Food and Water Security Under Global Change: Developing Adaptive Capacity with a Focus on Rural Africa

Published on 5 August 2010

Research Areas


Start Date: 5 March 2007 | End Date: 31 January 2009

Overview

Over the coming decades, global change will have an impact on food and water security in significant and highly uncertain ways, and there are strong indications that developing countries will bear the brunt of the adverse consequences, particularly from climate change. This is largely because poverty levels are high, and developing-country capacity to adapt to global change is weak. Furthermore, the rural populations of developing countries—for whom agricultural production is the primary source of direct and indirect employment and income—will be most affected due to agriculture’s vulnerability to global change processes. The agricultural sector is the largest consumer of water resources, and variability in water supply has a major influence on health and welfare in poor areas. With water scarcity and extreme weather events expected to increase under climate change, water security could decline significantly in rural areas. Consequently, it is important to understand the impacts of global change (in terms of climate, demography, technology, and so on) on agriculture and natural resources in developing countries and to develop adaptive capacity to respond to these impacts. Moreover, there is a need to develop informed and effective adaptation measures and investment options that can be taken now to alleviate adverse impacts of global change in the future.The CPWF’s project goal is “Development of capacity to adapt to global change in developing countries.” The purpose is to provide policymakers and stakeholders in Ethiopia and South Africa, particularly farmers and other rural stakeholders who face the largest impact from global change, with tools to better understand, analyze, and form policy decisions that will allow them to adapt to global change. Results are also useful to other areas in Africa and elsewhere that face similar impacts from global climate change. The project produced outputs in six areas:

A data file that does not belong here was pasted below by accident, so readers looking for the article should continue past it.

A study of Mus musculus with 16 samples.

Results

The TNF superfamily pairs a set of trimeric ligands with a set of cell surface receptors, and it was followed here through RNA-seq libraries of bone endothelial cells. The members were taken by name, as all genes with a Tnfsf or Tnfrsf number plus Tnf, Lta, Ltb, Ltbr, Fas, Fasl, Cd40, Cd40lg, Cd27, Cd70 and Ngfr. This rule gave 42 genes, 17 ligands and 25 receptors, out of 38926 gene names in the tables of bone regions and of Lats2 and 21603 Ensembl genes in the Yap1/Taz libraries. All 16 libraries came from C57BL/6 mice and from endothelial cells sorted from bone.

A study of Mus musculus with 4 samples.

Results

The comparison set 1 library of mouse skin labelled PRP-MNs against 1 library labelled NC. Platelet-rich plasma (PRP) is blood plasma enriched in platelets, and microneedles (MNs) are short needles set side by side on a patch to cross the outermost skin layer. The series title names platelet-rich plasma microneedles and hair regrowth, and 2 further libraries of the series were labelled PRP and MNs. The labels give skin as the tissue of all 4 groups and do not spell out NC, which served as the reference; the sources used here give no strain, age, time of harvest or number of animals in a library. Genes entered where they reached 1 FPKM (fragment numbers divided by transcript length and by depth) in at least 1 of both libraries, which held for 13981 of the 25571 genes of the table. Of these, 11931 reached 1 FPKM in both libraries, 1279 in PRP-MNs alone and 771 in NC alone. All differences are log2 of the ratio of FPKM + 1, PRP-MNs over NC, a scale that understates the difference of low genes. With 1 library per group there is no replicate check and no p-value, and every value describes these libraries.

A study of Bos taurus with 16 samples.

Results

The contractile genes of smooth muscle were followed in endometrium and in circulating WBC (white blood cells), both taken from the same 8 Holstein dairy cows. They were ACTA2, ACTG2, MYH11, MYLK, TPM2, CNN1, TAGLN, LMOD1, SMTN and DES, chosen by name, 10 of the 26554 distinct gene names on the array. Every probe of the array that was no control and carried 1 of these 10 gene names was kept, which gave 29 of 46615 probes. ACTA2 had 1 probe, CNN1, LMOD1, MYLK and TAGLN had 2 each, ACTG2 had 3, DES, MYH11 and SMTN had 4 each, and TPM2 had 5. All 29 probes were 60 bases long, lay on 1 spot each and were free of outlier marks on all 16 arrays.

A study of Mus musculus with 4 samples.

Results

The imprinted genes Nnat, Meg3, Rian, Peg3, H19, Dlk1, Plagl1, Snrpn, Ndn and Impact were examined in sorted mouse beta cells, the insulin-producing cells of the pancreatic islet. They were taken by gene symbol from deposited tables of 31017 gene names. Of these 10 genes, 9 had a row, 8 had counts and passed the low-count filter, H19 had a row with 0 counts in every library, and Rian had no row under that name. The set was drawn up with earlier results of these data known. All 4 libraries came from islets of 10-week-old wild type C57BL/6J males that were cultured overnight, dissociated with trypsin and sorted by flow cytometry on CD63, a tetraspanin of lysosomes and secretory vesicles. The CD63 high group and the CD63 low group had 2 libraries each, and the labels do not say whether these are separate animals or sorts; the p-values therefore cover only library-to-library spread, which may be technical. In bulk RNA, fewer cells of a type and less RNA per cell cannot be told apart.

(1)    Characterization of Vulnerability and Adaptive Capacity with Local Partners and Stakeholders (Ethiopia and South Africa);

(2)    Identification of Determinants of Partners and Stakeholders;

(3)    Development of Integrated Policy Analysis Tools with Partners;

(4)     Assessment of the impacts of global change on rural Africa, in general, and on Ethiopia and South Africa, in particular, and analysis of response options developed in Ethiopian and South African study sites based on the integrated policy analysis tool;

(5)    Development of General Directions for Adaptation and Rural Africa and the Developing World; and Specific Strategies for Ethiopia and South Africa Together with Local Partners and Wide Dissemination of Research Results; and

(6)    Enhanced National and International Capacity for climate change and economic policy analysis through training of PhD students.To develop these outputs, research under this project was conducted in two river basins in two countries in Sub-Saharan Africa; the Limpopo Basin in South Africa and the Nile River Basin in Ethiopia. Additional research activities were implemented at the national levels in Ethiopia and South Africa and at the regional level for all of Sub-Saharan Africa.